Wednesday, June 13, 2018
Attorney General Jeff Sessions on Monday made it all but impossible for asylum seekers to gain entry into the United States by citing fears of domestic abuse or gang violence, in a ruling that could have a broad effect on the flow of migrants from Central America.
Mr. Sessions’s decision in a closely watched domestic violence case is the latest turn in a long-running debate over what constitutes a need for asylum. He reversed an immigration appeals court ruling that granted it to a Salvadoran woman who said she had been sexually, emotionally and physically abused by her husband.
Relatively few asylum seekers are granted permanent entry into the United States. In 2016, for every applicant who succeeded, more than 10 others also sought asylum, according to data from the Department of Homeland Security. But the process can take months or years, and tens of thousands of people live freely in the United States while their cases wend through the courts.
Mr. Sessions’s decision overturns a precedent set during the Obama administration that allowed more women to claim credible fears of domestic abuse and will make it harder for such arguments to prevail in immigration courts. He said the Obama administration created “powerful incentives” for people to “come here illegally and claim a fear of return.”
Asylum claims have expanded too broadly to include victims of “private violence,” like domestic violence or gangs, Mr. Sessions wrote in his ruling, which narrowed the type of asylum requests allowed. The number of people who told homeland security officials that they had a credible fear of persecution jumped to 94,000 in 2016 from 5,000 in 2009, he said in a speech earlier in the day in which he signaled he would restore “sound principles of asylum and longstanding principles of immigration law.”
“The prototypical refugee flees her home country because the government has persecuted her,” Mr. Sessions wrote in his ruling. Because immigration courts are housed under the Justice Department, not the judicial branch of government, he has the authority to overturn their decisions.
“An alien may suffer threats and violence in a foreign country for any number of reasons relating to her social, economic, family or other personal circumstances,” he added. “Yet the asylum statute does not provide redress for all misfortune.”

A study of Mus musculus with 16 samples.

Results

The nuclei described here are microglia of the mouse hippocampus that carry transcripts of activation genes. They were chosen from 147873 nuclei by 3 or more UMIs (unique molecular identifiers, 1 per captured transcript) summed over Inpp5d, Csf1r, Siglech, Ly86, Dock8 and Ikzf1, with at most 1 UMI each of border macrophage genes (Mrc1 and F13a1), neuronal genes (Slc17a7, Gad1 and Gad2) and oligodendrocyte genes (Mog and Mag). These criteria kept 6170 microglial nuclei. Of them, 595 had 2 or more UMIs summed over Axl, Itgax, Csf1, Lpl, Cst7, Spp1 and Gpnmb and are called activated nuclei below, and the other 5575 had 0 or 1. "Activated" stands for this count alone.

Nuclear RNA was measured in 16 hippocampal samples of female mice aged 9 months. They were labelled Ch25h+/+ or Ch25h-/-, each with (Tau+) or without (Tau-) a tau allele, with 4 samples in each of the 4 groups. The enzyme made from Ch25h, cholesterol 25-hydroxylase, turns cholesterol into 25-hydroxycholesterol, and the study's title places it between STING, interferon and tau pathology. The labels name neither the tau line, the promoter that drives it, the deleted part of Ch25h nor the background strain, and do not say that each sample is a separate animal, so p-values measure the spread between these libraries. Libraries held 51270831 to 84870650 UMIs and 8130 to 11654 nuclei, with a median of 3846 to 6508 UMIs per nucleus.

His ruling drew immediate condemnation from immigrants’ rights groups. Some viewed it as a return to a time when domestic violence was considered a private matter, not the responsibility of the government to intervene, said Karen Musalo, a defense lawyer on the case who directs the Center for Gender and Refugee Studies at the University of California Hastings College of the Law.
“What this decision does is yank us all back to the Dark Ages of human rights and women’s human rights and the conceptualization of it,” she said.
Attorney General Jeff Sessions recently issued a ruling denying asylum to female victims of domestic abuse and gang violence. His decision, which ruled against a Salvadoran woman who had been severely abused by her husband, concludes that such victims "generally" don't qualify for asylum under a federal law that grants asylum to any refugees who is "unable or unwilling to return to [her home country], and is unable or unwilling to avail . . . herself of the protection of, that country because of persecution or a well-founded fear of persecution on account of race, religion, nationality, membership in a particular social group, or political opinion." The decision overrules two prior Justice Department Board of Immigration Appeals decisions, which granted asylum to female victims of domestic abuse in Guatemala and El Salvador. Sessions' ruling is legally problematic. But, perhaps even more importantly, it highlights the arbitrary injustice of a policy that denies asylum to victims of horrible persecution as bad as that which falls within the scope of the rules.
The key legal question in the case is whether Salvadoran victims of domestic violence qualify as people with "a well-founded fear of persecution" based on their "membership in a particular social group." The phrase "particular social group" is far from precise. But, as Sessions recognizes, courts have generally defined it as a group "composed of members who share a common immutable characteristic, (2) defined with particularity, and (3) socially distinct within the society in question." It should be obvious that women qualify as a group that shares "a common immutable characteristic," and that they are also a group that is "socially distinct" and "can be defined with particularity." It is true that gender is not completely immutable in an age of sex change operations. But it is surely sufficiently so to qualify under the rules. And you don't have to be a radical feminist to recognize that, in highly sexist societies like El Salvador and Guatemala, which have a "culture of machismo and family violence" (as one of the BIA decisions overruled by Sessions puts it), domestic violence against women flourishes in large part because of gender bias. And such bias helps account for the failure of the authorities to effectively curtail such abuse. Recognizing that does not require us to assume that all Guatemalan and Salvadoran men are sexist or violent, or that all law enforcement officials in those countries are misogynists, merely that such attitudes are sufficiently widespread in those countries that they account for much of the danger faced by female victims of domestic violence.